Accessibility links

Breaking News

National Assembly Passes ‘State of Emergency’ Law; Travel Ban Conditions Tweaked

Prime Minister Hun Sen cast a vote on the draft state of emergency legislation at the National Assembly in Phnom Penh, Cambodia, Friday, April 10, 2020. (Photo from National Assembly Facebook page)

The one-party National Assembly unanimously voted to pass the draft state of emergency legislation Friday morning, a law widely criticized for giving the government widespread powers to curtail fundamental freedoms and rights.

The newly-drafted law passed the lower house with 115 votes in favor, with 10 members absent from the parliamentary session. The draft law will next head to the Senate, before being vetted by the Constitutional Council and then promulgated.

National Assembly spokesperson Leng Penglong said the draft was passed by members without any changes or amendments.

After an initial draft was written up by Justice Minister Koeut Rith, the Council of Ministers added a 3-month deadline to any declared emergency, though allowing for it to be extended indefinitely. Another article, punishing government officials for not obeying the law, was added to the legislation before it reached the assembly.

“There is no change. It was totally adopted,” said Leng Penglong, the spokesman for National Assembly, adding that the law has now been sent to Senate for review.

Hun Sen last week sent a letter to Senate President Say Chhum asking him to be ready to urgently convene a session of the upper house to adopt the law.

Pointing to the coronavirus pandemic, the Cambodian government on Thursday evening announced a one-week travel ban within the country, preventing all travel between provinces, and even districts, on account of concerns garment workers were planning to disobey orders to work through Khmer New Year.

However, these conditions were tweaked on Friday and travel between Phnom Penh and Kandal province was permitted, as was travel between districts in a province.

Hun Sen, who just three days ago said there was a “0.1 percent” chance he would enact the draft “state of emergency law,” on Thursday said he would have used the law had it been passed earlier.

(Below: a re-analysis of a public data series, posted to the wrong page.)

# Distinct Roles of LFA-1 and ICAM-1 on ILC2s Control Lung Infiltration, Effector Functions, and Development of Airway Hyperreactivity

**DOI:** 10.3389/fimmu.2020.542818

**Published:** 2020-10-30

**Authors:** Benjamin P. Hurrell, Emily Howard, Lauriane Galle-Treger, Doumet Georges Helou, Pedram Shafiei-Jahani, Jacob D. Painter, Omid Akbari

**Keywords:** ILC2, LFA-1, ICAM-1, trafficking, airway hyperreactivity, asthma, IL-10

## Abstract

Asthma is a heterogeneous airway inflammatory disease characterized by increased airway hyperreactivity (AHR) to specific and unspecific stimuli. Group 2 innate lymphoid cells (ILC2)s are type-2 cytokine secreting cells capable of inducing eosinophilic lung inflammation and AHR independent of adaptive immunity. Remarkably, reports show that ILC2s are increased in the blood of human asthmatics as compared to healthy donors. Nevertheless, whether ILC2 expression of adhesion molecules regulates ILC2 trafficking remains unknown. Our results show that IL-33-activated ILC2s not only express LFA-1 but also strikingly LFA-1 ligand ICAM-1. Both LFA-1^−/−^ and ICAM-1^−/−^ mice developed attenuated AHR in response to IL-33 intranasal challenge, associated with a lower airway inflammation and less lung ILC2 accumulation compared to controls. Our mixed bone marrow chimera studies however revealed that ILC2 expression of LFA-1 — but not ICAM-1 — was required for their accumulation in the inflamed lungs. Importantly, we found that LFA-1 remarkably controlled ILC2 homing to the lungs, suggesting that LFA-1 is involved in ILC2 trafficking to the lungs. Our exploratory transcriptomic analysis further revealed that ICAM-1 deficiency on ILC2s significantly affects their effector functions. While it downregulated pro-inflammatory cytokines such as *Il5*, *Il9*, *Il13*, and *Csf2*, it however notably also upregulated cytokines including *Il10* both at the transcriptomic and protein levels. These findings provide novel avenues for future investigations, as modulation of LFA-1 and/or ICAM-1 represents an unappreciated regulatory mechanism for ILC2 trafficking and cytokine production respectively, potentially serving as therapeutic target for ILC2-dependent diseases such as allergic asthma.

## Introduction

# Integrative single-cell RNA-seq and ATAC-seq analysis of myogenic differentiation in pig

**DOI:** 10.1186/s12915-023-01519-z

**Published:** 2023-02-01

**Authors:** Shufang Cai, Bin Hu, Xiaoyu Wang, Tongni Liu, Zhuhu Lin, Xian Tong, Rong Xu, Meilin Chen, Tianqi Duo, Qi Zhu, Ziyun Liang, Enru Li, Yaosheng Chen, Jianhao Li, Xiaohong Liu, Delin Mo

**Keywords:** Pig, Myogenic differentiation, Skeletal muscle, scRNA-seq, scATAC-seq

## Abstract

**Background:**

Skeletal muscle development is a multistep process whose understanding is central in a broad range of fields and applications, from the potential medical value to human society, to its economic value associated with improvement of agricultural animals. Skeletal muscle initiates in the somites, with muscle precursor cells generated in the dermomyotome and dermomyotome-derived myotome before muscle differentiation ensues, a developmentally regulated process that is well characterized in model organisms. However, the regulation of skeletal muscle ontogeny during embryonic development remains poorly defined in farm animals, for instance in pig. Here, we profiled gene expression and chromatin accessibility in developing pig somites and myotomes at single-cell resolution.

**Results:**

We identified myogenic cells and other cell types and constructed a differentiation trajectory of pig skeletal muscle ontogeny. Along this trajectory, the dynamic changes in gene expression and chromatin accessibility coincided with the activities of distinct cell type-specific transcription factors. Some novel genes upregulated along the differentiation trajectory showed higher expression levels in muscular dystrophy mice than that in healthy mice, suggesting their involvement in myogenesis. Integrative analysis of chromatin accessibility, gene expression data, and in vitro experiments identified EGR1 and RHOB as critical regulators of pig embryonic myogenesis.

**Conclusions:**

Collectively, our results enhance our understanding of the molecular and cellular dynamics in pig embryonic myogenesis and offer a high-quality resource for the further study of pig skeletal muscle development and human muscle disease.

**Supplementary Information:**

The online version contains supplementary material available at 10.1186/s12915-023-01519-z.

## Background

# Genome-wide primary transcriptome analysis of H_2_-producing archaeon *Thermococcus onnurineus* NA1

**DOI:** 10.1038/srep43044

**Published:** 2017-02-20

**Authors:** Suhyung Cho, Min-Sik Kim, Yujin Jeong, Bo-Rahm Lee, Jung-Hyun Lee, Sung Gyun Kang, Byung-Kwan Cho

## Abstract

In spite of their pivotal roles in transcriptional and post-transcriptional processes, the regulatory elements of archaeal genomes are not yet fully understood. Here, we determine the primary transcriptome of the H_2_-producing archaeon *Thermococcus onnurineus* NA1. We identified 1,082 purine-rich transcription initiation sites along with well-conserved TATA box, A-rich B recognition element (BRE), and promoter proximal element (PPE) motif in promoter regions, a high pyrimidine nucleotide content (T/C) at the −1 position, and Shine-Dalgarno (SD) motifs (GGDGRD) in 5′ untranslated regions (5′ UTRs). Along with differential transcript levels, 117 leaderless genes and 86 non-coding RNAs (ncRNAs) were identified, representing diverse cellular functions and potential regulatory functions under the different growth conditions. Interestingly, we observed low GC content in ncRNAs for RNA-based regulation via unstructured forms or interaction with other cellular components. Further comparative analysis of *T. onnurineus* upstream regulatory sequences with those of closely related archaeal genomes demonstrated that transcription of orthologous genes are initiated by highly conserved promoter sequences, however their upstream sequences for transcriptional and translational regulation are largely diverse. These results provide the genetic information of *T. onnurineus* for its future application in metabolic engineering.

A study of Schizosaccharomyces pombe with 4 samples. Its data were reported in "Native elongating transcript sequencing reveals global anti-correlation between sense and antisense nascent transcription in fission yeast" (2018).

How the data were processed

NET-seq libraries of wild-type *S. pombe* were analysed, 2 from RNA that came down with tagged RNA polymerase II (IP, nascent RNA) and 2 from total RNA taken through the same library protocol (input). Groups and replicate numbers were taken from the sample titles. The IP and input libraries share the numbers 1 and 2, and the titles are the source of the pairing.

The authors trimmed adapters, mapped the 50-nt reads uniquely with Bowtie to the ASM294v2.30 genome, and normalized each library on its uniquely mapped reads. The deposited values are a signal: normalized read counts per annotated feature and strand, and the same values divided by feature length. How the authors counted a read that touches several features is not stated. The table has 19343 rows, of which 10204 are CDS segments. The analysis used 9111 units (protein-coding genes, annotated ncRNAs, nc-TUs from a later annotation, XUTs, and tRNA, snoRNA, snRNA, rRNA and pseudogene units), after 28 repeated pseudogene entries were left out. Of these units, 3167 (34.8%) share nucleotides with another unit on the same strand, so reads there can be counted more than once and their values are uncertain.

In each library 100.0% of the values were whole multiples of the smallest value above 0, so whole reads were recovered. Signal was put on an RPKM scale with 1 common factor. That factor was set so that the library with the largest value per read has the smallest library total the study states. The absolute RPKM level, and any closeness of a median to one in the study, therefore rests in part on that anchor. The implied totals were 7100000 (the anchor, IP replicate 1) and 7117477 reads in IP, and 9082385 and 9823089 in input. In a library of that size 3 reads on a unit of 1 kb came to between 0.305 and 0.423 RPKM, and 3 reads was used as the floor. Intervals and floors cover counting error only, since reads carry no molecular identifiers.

“If [we] would have had the Law on National Administration in the State of Emergency, it would have been implemented now,” he said, referring to the official name of the draft legislation.

The draft legislation would allow for the curtailment of civil rights and liberties, such as freedom of movement, expression, association, and assembly – all enshrined in the Cambodian Constitution – and widely criticized by rights groups.

The draft has not been placed for any kind of public consultation with international stakeholders, civil society groups and NGOs.

“Civil society can give comments via online, letters or telephone, not just directly,” he said. “It is the right time to make [this law].”

Based on Article 22 of the Constitution, the draft law requires the King to declare the state of emergency, after reaching consensus with the Prime Minister and Presidents of the Senate and National Assembly, with the state of emergency being enforced through a Royal Decree.

The draft “state of emergency” law has received strong criticism from civil society members, human rights defenders, and politicians for the wide-ranging powers it gives to the government with nearly no serious accountability.

As of Friday, Cambodia had reported 119 cases in total of the coronavirus in the country.